Nissan has been named the most productive vehicle manufacturer in North America in the Harbour Report North America 2006, the annual study from Harbour Consulting.

Each of the Big Three North American manufacturers was named in different respects for high achievement in manufacturing excellence. Harbour Consulting said that DaimlerChrysler has improved the most over last year, and that GM had five of the ten most productive Harbour Consulting assembly plants in North America, while Ford Atlanta was the best single assembly plant.

The report's authors point out that all manufacturers have been improving and that the gap between the manufacturers is narrowing as all drive to improve quality and maximize returns on their investments. The difference between the most and least productive in terms of total (Assembly, Stamping and Powertrain) labour hours was 7.33 hours per vehicle (HPV)  in 2005, down from 9.08 in 2004 and less than half the 16.56 HPV gap in 1998. The labor hours per vehicle measure calculates the total salary and hourly labor content required to produce one vehicle.

Nissan Motor Co. led the industry, at 28.46 hours per vehicle, across assembly, stamping and powertrain, followed by Toyota Motor Corp. at 29.40 and Honda at 32.51 HPV. But General Motors was close behind at 33.19, followed by Chrysler Group at 33.71 and Ford Motor Co. at 35.82 HPV.

Among assembly plants, Ford's Atlanta set the benchmark for labor productivity with a measure of 15.37 hours per vehicle, followed closely by General Motors' Oshawa, Ont number 2 line that produces the Pontiac Grand Prix, Buick Lacrosse and Buick Allure mid-size sedans. Ford will close the Atlanta plant, which produces the Taurus, in 2008 as part of its restructuring.

"Nissan's performance reflects the hard work at Canton and Smyrna to improve processes and quality after two years of launching more than a half dozen new vehicles," Harbour said.

Harbour noted that while the six major manufacturers are closer than ever on labour productivity, there remains a substantial gap among them on capacity utilisation. Toyota, Nissan and DaimlerChrysler produced at between 94% and 106% of their North American capacity. Honda and General Motors operated at 91% and 90%, respectively, while Ford's assembly plants ran at 79% of their potential output.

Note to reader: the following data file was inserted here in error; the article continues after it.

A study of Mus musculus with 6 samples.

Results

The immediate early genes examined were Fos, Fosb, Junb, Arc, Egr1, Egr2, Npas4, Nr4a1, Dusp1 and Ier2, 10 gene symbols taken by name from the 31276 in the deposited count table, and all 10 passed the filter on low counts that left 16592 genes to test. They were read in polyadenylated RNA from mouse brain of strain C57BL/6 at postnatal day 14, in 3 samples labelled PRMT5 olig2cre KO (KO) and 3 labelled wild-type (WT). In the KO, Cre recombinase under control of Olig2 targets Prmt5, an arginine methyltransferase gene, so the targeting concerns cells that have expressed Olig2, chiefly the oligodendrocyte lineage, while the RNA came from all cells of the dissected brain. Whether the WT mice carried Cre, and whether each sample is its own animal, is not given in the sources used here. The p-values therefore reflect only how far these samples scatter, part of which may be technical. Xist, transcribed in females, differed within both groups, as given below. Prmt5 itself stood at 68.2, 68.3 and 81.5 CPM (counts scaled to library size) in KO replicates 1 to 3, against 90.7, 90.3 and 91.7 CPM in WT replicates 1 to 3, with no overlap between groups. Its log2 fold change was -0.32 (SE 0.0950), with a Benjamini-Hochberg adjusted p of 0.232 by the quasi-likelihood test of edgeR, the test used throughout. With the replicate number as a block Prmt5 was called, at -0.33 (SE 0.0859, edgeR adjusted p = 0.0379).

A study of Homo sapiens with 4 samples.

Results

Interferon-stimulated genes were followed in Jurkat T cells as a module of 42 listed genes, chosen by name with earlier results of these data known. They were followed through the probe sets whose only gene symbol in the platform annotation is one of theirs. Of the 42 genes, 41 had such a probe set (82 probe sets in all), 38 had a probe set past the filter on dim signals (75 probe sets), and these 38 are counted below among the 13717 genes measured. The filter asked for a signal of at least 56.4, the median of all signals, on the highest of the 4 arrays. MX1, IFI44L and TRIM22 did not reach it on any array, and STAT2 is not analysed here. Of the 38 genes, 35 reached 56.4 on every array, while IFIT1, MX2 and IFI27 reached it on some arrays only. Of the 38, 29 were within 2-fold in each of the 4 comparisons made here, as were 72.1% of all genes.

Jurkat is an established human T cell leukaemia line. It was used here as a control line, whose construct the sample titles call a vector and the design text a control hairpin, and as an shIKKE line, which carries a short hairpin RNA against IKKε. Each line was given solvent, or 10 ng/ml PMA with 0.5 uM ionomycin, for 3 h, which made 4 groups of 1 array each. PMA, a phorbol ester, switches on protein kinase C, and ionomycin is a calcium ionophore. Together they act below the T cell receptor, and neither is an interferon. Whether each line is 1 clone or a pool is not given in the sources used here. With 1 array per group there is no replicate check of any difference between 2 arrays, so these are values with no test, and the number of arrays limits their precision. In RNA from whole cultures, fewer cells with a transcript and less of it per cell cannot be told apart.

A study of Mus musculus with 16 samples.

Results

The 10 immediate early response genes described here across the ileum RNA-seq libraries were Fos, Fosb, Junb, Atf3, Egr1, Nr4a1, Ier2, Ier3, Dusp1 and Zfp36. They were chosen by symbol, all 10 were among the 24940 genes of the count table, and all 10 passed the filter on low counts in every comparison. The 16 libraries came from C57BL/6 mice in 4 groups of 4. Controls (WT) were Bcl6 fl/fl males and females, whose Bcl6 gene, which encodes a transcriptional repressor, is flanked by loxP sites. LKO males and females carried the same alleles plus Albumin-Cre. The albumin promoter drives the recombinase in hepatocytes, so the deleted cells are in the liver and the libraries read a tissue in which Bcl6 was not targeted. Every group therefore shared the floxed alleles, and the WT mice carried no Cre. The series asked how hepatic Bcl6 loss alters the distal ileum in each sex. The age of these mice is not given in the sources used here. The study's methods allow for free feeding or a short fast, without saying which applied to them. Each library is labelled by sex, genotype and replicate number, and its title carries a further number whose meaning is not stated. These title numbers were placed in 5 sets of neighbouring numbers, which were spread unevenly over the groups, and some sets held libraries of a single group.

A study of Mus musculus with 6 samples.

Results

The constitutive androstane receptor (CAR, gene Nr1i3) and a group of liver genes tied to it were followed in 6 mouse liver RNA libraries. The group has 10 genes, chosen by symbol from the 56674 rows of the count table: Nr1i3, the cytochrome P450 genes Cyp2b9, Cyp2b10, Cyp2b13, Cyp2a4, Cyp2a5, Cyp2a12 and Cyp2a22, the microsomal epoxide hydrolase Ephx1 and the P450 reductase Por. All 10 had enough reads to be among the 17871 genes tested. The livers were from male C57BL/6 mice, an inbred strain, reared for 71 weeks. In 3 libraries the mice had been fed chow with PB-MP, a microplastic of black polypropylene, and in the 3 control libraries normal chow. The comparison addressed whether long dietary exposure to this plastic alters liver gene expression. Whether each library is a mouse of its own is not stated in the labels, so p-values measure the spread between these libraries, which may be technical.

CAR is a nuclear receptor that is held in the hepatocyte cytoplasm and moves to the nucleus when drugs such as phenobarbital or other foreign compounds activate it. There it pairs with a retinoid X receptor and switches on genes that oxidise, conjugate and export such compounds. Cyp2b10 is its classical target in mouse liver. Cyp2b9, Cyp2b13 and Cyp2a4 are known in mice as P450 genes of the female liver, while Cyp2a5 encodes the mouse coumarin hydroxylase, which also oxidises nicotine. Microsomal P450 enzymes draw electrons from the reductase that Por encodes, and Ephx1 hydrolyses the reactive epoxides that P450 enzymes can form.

Capacity utilisation is also an important measure of a manufacturer's flexibility. When assembly plants can produce multiple models, even from multiple platforms, a company is much more likely to fully use its human capital and equipment.

By closing plants in the next two years, Ford and General Motors should see improvement on capacity utilisation. Others, such as Toyota, which had its assembly plants running between 97% and 109% of capacity, are integrating their design, engineering and manufacturing organizations to increase flexibility and the use of common parts and processes.

The other differentiator is profitability. Nissan, Toyota and Honda each earned a pre-tax margin of more than US$1,200 on every vehicle they sold in North America. Chrysler Group earned $223, while Ford lost $590 and General Motors, $2,496, on each vehicle sold in 2005.
This reflects a variety of factors, including the large difference in health care and pension costs, as well as higher costs of rebates and low- interest rate financing required to trim inventories.